Ed Moses, a noted California artist and "Cool School" pioneer, died on Wednesday, January 17, 2018 at his home in Venice, California, reported the Los Angeles Times. He was 91 years old.
Considered one of Los Angeles’s most innovative painters and a central figure in the city’s art scene, Ed Moses often referred to himself as a “mutator,” driven less by the desire for self-expression than by an insatiable curiosity to explore and discover, according to the newspaper. Moses formed the "Cool School" of artists — who included Ed Ruscha, Robert Irwin, Larry Bell, Edward Kienholz, John Altoon, Ken Price and Billy Al Bengston — at L.A.'s influential Ferus Gallery in the 1950s and '60s. The group fused the nascent local scene and also made the art world at large take notice, according to the Los Angeles Times.
In a career that spanned seven decades, Ed Moses received both national and international recognition for his art. Ed Moses’s work is included in the collections of the Los Angeles County Museum of Art (LACMA), Los Angeles Museum of Contemporary Art, The Hammer Museum, San Francisco Museum of Modern Art, Whitney Museum of American Art, and The Museum of Modern Art in New York, among others.
Born on April 9, 1926 in Long Beach, California, Ed Moses did not initially choose the artistic path. After serving as a surgical technician during World War II, Moses intended to become a doctor. He enrolled in Long Beach City College’s pre-med program, but dropped out, citing his inability to memorize the curriculum. On a whim, he took a life-changing class with artist Pedro Miller, who recognized the spark of untapped talent, according to his gallerist Ferus Gallery. Moses changed course and enrolled in UCLA’s MFA program.
Moses had his first exhibition at Ferus Gallery in 1958 while still a graduate student at UCLA. It was at Ferus that Moses would become a member of the raucous group of artists known as the “Cool School”; a group who pushed the boundaries of Post-War art and shaped the LA art scene at a time when almost none existed. His decades long friendships in the art world include Frank Gehry, Tony Berlant, Vija Celmins, Alexis Smith and James Hayward.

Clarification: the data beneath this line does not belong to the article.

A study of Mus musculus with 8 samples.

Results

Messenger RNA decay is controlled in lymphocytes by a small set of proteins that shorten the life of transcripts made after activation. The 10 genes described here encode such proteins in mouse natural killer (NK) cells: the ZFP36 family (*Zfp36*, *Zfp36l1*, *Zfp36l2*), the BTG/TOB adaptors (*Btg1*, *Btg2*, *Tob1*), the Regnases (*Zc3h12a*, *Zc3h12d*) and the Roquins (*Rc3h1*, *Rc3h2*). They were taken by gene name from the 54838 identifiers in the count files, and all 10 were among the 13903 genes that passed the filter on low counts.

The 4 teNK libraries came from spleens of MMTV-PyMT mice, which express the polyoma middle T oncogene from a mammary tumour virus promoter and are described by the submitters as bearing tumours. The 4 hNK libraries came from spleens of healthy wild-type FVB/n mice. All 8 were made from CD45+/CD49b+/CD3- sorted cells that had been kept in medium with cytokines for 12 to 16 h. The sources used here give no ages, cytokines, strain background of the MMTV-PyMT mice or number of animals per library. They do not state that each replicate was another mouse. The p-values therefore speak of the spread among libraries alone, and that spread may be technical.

A Buddhist practitioner since 1978, Moses worked in the moment, embracing and responding to elements of chance and circumstance, according to Albertz Benda Gallery. Endlessly intrigued with the metaphysical power of painting, he created works that embraced temporality, process and presence, remarking that “the point is not to be in control, but to be in tune.”
Ed Moses obsessively mined the possibilities of abstract painting for over 60 years, leaving an indelible mark on the contemporary art world. He was extraordinarily productive and, even in his 90s, showed little signs of slowing down and painted daily outdoors in his Venice studio, located outside of L.A.
Moses's art took off in 1972 with his work exhibited in a dozen venues and included solo shows in London, Minneapolis, Los Angeles and Documenta in Germany, according to the Los Angeles Times. In 1976, LACMA presented a series of abstract red paintings that bucked the trend in "Ed Moses: New Paintings." In 1976, he won a National Endowment for the Arts grant and a Guggenheim Fellowship in 1984. In 1991, Moses had two solo shows at Louver Gallery (New York and LA) and was selected to be part of the Whitney Museum of American Art's Biennial.
In the last few years, his work was featured in a solo show at LACA in 2015; a survey in 2016 at William Turner Gallery in Santa Monica and a retrospective at Albertz Benda Gallery in New York. In 2017, his art was featured at the New Britain Museum of Art in Connecticut in “California Dreaming: Ed Moses, Billy Al Bengston & Ed Ruscha.” In The Hamptons, Moses was interviewed as part of The Artist Profile Archive in 2014. In 2012, his work was honored as the Artist of the Year at Art Hamptons and was exhibited by Mark Borghi Fine Art.
In March 2018, albertz benda will continue with its long-planned presentation of Moses's 1970’s ‘Pulled Wedge’ pieces at the Armory Show. A solo exhibition will take place at the New York gallery in May 2018, which will feature work from three decades.
Ed Moses is survived by his wife, Avilda, sons Cedd and Andy, their wives Pamela and Kelly, and grandchildren Maxwell and Violette. A memorial celebrating Ed Moses’s life is planned for the spring, according to Albertz Benda.